It still bugs me that no one remembers what "swachele" means.
I lent out moch moni on plate and jewells this yere, and had many trifells giuen me. I bought my swachele sword this yer, and did the hangers with siluer. - Forman's diary, 1600
Tantamount to: "I spent a lot of money on armor and jewelry this year and received many trifles. I bought my swachele sword this year and had the hangers done in silver."
We may infer what swachele means. It could mean "fancy" or something along that line. It could be related to "swashbuckling." That's my best and most obvious guess.
1693: "The huff, snuff... swash-buckling High Germans."
1897: "He strikes one as a bravo, he swashbuckles and swaggers."
Swash as a transitive verb means "to dash or cast violently."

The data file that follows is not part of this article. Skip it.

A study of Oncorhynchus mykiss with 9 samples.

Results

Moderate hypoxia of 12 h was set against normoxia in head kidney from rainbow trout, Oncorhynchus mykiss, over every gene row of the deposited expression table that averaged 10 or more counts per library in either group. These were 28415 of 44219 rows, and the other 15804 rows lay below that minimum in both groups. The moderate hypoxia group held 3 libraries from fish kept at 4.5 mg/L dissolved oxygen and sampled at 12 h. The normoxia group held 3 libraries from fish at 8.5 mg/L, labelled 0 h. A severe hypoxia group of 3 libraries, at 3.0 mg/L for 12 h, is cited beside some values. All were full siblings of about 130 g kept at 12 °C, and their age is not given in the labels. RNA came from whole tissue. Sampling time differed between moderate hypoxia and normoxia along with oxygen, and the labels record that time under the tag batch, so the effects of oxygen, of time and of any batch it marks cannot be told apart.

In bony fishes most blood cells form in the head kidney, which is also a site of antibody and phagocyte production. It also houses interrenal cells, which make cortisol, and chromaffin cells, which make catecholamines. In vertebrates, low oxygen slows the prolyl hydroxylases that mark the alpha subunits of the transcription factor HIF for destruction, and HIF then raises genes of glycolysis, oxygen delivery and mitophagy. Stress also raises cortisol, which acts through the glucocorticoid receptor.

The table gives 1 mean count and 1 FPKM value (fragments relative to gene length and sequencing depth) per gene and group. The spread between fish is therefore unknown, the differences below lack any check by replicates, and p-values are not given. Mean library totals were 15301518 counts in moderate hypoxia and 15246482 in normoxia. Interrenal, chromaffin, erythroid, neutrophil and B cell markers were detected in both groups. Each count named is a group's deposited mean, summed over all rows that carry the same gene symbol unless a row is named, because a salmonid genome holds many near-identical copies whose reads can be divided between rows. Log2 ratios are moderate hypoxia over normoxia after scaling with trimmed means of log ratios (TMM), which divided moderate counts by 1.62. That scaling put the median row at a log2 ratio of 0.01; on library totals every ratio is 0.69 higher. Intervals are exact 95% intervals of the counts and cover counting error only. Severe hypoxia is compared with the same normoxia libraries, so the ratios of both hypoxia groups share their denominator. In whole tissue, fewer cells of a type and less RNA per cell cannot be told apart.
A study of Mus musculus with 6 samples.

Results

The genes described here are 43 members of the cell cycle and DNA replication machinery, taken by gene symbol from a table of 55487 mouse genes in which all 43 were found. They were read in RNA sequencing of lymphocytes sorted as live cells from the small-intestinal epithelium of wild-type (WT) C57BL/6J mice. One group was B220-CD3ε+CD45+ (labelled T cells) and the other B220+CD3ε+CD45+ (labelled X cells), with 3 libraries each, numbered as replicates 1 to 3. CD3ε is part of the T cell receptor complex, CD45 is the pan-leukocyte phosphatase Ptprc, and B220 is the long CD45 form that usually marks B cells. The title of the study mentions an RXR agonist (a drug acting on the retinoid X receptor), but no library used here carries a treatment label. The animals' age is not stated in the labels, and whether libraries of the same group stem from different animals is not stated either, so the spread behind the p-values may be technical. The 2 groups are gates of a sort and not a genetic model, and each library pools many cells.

1577: "The Archbyshop of Yorke... swasht him down, meaning to thrust himselfe in betwixt the Legate, and the Archb. of Canterbury."
It also means "to make noise as of swords or of a sword beating on a shield; to bluster with weapons; hence, to swagger."
1593: "I giue them right to sweare it out with wordes, I giue them might to swash it out with swordes."
I don't know how I first found the word swachele but it led me to the first passage mentioned here, and all other searches have summoned up that passage with minor variations in spelling and interpretation. I can't think of any other words that resemble swachele, and while my inference technically fits the sentence, I don't wish to presume the foreman's motives. Maybe he wanted to buy a fancy sword; maybe he wanted a flashy sword to show off; maybe he was treating himself after a hard year of labor, a relief from toting around some ragged scabbard and dulling blade within.
And maybe swachele means something else entirely. We may never, ever know, and that really disturbs me.